KANSAS CITY, Mo. -- How do you tell the best player on a club that prides itself on team ball to be selfish?
Magnificent in this Big 12 tournament as he has been during his entire senior season, it would have behooved Donald Sloan to go against his nature in Friday night's 79-66 loss to top-seeded Kansas. The fourth-seeded Aggies found themselves in an old-fashioned slobber-knocker of a semifinal on the Jayhawks' turf, and the tough Aggies were handling everything thrown at them.
An impressive start to the second half saw A&M go ahead by nine three minutes in, but during those opening moments Sloan picked up his second and third fouls within 51 seconds of each other.
Sloan's third came at the 17:22 mark and the Aggies leading, 44-37. Coach Mark Turgeon immediately subbed his star out, and Kansas immediately bolted on a 9-3 run over the next 3:10.
Timeout, A&M. Still, the Aggies had the lead, 47-46, and Sloan was at the scorer's table checking in.
With 10:32 to play, Sloan swished a couple free throws for a 55-51 lead. After Sloan hit the second free throw, Turgeon subbed him out again.
"I didn't want him to pick up his fourth. I took him out," Turgeon said. "I was going to try to get him to last to the eight-minute mark. He didn't sit there long."
Exactly one minute, nine seconds. In that brief time with Sloan on the bench, Kansas' Xavier Henry hit a 3-pointer and Brady Morningstar made a steal to set up a Morris Markieff layup and a 56-55 lead.
"We started to panic a little bit which we don't do, but we did today," said Turgeon, who refused to pin that on playing without injured starting point guard Dash Harris. "I just didn't want him to pick up his fourth [foul] with 10 minutes to go. I think if I could have gotten him to the eight-minute mark, we were good. But, his third foul was big. It was really big."
Amazing, with Sloan on the bench for two stints and a total of 4:19, Kansas outscored A&M, 14-3.
"When he got his third foul and went to the bench, that was a positive for us, like it would be for anybody when you take the best player off a team and sit him down a little bit," Kansas coach Bill Self said. "They rely on him a lot."
Still, the game was right there.
Sloan checked back in to find Kansas switching out of man-to-man defense and into an active zone. Sloan buried a jumper with 8:54 left to put A&M back in front, 57-56. The next time he would score, at the 4:23 mark, Sloan stepped to the free throw line having not attempted a field goal in that stretch and staring at a 72-57 deficit.
"I was actually trying to get other guys shots, B.J., Khris, trying to hit B.D. [Bryan Davis] in the middle, kind of giving other guys the opportunity to make plays because I did feel like KU was keying on me while they were in that zone. And we had great opportunities all night and just fell short in the end."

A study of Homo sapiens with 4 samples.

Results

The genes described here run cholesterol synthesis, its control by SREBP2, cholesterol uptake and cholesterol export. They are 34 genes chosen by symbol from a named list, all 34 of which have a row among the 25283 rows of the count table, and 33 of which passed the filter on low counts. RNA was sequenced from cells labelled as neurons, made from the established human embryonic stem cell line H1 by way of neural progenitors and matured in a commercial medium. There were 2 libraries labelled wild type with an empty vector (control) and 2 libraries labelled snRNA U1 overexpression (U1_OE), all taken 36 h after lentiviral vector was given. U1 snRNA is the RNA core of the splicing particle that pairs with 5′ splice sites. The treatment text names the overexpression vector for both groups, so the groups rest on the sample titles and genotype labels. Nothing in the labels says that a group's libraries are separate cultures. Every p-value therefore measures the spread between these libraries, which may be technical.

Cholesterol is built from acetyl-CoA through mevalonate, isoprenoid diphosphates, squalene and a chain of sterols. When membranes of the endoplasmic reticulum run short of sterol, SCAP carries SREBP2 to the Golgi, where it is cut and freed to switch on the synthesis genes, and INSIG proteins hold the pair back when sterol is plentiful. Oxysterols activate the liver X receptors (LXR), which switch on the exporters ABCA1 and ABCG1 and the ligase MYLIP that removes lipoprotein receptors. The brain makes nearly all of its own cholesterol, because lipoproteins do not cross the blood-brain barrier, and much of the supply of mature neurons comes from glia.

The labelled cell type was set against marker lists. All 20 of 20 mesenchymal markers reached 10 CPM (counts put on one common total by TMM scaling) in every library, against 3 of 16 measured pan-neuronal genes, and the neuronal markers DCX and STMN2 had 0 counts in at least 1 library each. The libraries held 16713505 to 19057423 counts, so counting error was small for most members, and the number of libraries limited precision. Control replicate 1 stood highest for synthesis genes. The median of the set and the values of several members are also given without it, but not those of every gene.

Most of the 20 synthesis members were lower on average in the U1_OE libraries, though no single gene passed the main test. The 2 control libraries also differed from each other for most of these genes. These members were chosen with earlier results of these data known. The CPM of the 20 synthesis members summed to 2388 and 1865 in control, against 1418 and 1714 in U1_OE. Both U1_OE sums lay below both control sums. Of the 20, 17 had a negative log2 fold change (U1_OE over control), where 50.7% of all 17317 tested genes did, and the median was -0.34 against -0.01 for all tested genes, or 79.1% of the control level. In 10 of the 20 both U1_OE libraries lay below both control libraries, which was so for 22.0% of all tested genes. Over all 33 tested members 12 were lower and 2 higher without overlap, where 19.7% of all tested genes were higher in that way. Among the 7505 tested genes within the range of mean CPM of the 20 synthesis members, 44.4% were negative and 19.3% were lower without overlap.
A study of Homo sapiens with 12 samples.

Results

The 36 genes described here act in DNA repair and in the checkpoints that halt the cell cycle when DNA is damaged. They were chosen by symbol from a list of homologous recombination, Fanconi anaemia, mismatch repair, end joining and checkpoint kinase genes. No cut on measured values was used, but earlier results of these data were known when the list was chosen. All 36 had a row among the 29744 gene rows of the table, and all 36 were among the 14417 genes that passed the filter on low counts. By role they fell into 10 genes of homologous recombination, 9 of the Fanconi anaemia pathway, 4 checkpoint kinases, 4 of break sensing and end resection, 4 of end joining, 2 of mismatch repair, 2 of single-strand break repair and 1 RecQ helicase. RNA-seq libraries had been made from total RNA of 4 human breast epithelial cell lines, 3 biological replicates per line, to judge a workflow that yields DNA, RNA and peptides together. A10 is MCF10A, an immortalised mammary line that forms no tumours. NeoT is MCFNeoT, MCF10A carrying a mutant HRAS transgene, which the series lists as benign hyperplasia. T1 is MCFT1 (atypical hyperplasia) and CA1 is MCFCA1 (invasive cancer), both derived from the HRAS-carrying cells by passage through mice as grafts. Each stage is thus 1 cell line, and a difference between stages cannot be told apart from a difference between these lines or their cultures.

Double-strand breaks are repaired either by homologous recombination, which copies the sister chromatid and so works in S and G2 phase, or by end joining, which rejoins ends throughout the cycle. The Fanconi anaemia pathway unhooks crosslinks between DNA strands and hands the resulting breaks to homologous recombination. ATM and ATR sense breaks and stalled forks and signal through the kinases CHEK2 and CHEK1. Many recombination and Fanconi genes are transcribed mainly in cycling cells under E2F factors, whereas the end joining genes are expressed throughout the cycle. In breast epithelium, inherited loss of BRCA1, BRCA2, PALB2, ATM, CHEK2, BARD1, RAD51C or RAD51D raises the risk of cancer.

Naji Hibbert missed a 3-pointer and B.J. Holmes and Khris Middleton both missed two. Kansas' zone flustered the Aggies -- Sloan had two of A&M's three turnovers in that stretch -- and effectively forced the ball out of Sloan's hands.
Holmes (12 points) and Middleton (14 points) got good looks, but they didn't fall. They combined to go 4-of-12 from the field in the second half. Sloan had 13 at halftime, hitting one 3-pointer and seemingly willing his way into the lane and hitting a variety of creative tear drops and runners. He scored his 19th point of a team-high 24 when hit the jumper for the lead at 8:54.
Had Sloan been able to be a bit greedier, a tad more selfish, allow A&M to live or die with the ball in his hands when the offense went cold and the game lost, maybe, just maybe, the outcome is different.
"We're a very team-oriented group," Sloan said. "Kansas played excellent defense, but I touched the ball, to say the least. I had touches."
The loss won't take away from what the Aggies gained in a physical romp that was closer than the final score indicated. The game got chippy on several occasions, with the teams gathering at mid-court at one point. A&M's Davis, battling all game with Kansas' big center Cole Aldrich and the muscular Morris brothers, picked up a technical as did Kansas' Markieff Morris.
The Aggies are headed to the NCAA tournament for a fifth consecutive season. Man to man, they are not the most talented team, but they go in knowing they won't be pushed around by anyone.
"We're a very tough team. We don't back down from anybody," Davis said. "We're going to fight until the end."